Transport systems and healthcare providers in France are preparing contingency plans after the government announced the possibility of two-hour power cuts in January.
Any cuts would be organised during peak consumption, from 8:00 to 13:00 and from 18:00 to 20:00 according to a government circular sent to the regional prefects last week. We look at how people would be affected.
Trains and metros
Should power cuts happen, some train and tramway circulation could be disrupted but authorities are working to prevent passengers from becoming stuck in carriages during a cut.
Transport Minister Clément Beaune told FranceInfo on Saturday (December 3): “We will not let any train or metro depart if there is a risk of a power cut.”
He said that “suitable and pre-announced” plans would be made for public transport services if the cuts are needed “for obvious reasons of security and to not leave people in a serious situation with a train that is stuck”.
The SNCF rail network (SNCF Réseau) will be in charge of managing the situation and informing operators of the plans. This will mainly concern SNCF Voyageurs but also Trenitalia and freight operators that use the lines.
SNCF said: “In the context of preparations for possible electricity cuts this winter, SNCF Réseau is working with the government and [electricity network] RTE on a national electricity supply strategy for the railway network.”
It said it would issue “more precise information” at a later date.
The plans include identifying sensitive areas of the network to see where electrical power could stop. Major high-tension lines are set to remain on but others could be affected by blackouts.
This could affect major security elements, such as signalling, as well as the lighting on tracks or in stations and subway walkways.
Eurotunnel manager Getlink has said that it should not be affected as it can use power from the UK side as well as the French.
Buses, RER, and metro
Electric buses are expected to continue running as their batteries have enough charge to last any two-hour cuts.
In Ile-de-France, RER, RATP, and metro services would be “less severely impacted” as they have their own power supplies. Some services may be disrupted but not as much as trains.
However, electricity cuts could affect escalators and lift functioning. Some teams and RER services are connected to Enedis supplies so transport authority RATP is working with EDF to identify areas that could be most affected, a spokesperson said.
Trams and trolleybuses could be affected outside of Paris, and authorities are meeting this week to establish contingency plans.
Transdev, the company that operates nine tramway networks in France including in Grenoble, Montpellier, and Nantes, said: “Our tramway networks are preparing for the eventuality of partial or total cuts in electricity supply.”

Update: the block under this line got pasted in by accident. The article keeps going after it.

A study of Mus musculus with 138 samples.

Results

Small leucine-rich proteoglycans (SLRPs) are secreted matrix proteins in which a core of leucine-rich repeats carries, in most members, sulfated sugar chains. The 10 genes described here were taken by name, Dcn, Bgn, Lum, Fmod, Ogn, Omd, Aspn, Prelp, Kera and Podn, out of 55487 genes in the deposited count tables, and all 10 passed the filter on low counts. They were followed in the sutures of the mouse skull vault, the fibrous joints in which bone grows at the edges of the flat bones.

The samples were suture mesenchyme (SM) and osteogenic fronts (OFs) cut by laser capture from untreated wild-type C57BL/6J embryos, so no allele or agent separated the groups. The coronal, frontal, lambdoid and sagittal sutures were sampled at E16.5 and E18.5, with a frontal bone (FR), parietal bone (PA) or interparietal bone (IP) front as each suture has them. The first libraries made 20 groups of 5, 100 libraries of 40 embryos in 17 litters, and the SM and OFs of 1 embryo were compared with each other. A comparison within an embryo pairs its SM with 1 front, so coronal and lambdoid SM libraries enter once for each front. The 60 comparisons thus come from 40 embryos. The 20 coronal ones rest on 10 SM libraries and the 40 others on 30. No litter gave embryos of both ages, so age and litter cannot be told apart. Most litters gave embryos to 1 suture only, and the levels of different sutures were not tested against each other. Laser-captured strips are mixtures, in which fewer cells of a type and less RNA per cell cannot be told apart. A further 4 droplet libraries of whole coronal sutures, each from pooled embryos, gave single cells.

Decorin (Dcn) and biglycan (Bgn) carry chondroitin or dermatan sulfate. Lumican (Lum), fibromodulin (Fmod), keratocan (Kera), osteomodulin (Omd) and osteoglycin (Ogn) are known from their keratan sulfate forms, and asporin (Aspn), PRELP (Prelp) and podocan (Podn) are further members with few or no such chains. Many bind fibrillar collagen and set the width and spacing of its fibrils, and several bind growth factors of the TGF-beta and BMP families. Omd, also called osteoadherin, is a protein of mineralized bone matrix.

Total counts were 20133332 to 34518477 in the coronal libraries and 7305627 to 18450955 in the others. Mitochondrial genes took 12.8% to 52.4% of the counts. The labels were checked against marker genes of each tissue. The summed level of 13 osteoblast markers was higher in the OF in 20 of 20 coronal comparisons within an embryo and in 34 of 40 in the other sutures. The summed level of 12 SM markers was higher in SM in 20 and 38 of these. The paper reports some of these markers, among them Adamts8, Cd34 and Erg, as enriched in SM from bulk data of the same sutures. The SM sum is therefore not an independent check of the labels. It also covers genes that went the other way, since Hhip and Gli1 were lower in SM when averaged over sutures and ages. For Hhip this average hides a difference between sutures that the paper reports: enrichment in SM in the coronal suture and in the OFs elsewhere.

Plans are set to be put in place, namely to reduce the frequency of services, to adapt to the lower electricity output available. Partial services may run, or some services may be cancelled or temporarily replaced by buses.
Transdev is hoping to give customers a three-day warning if any cuts may be taking place.
Keolis, the SNCF offshoot that runs tramways in Bordeaux, Caen, Dijon, and Lyon, said that it was working on similar contingencies. It said, however, that it would be unlikely to confirm any power cuts until 17:00 the night before (the time at which the alert system Ecowatt will also confirm whether or not a cut will take place the next day).
Keolis said that it would not risk making announcements to passengers about cancellations if a power cut had not been 100% confirmed.
However, the company said that its metro system in Lyon, Lille, and Rennes, which it considers of “vital importance”, would not be affected by cuts.
Healthcare and medical equipment
Electricity company Enedis has issued more details on what will happen to people who rely on electrical medical equipment, such as breathing apparatus, for a health condition at home.
It had previously been reported that such patients would be exempted from cuts but it has since emerged that not all of these people will be automatically covered.
Hospitals, police and gendarmerie stations, and other sensitive sites, have already been assured that they will not be affected by cuts.
However, Enedis has said that outpatients who require electrical equipment plugged into the mains “are not on the priority list, as defined by the prefectures” to avoid the cuts.
But the company said that these people will be warned and moved to another location in advance if power cuts are set to take place.
These high-risk patients (officially termed PHRV (patients à haut risque vital)) are defined as those who have “four or fewer hours of autonomy per day. They have to be on a breathing apparatus for at least 20 hours per day”.
The category also includes children who are being fed at home via an intravenous device. This applies to all children or infants who cannot eat or get the nutrients they need orally.
Enedis is working with the Agences Régionales de Santé (ARS), to share a list of PHRVs. Anyone not yet on the list who needs to be must add themselves via this form.
The PHRV list will then be sent to the regional Enedis agency to enable the company to warn affected people in advance so they can prepare. They will be alerted more times than the average person.
Laurent Méric, Enedis spokesperson, told BFMTV: “We are going to call them, send them an SMS, and an email, to make sure they take precautions.”
Everyone else is asked to check the Ecowatt app the evening before.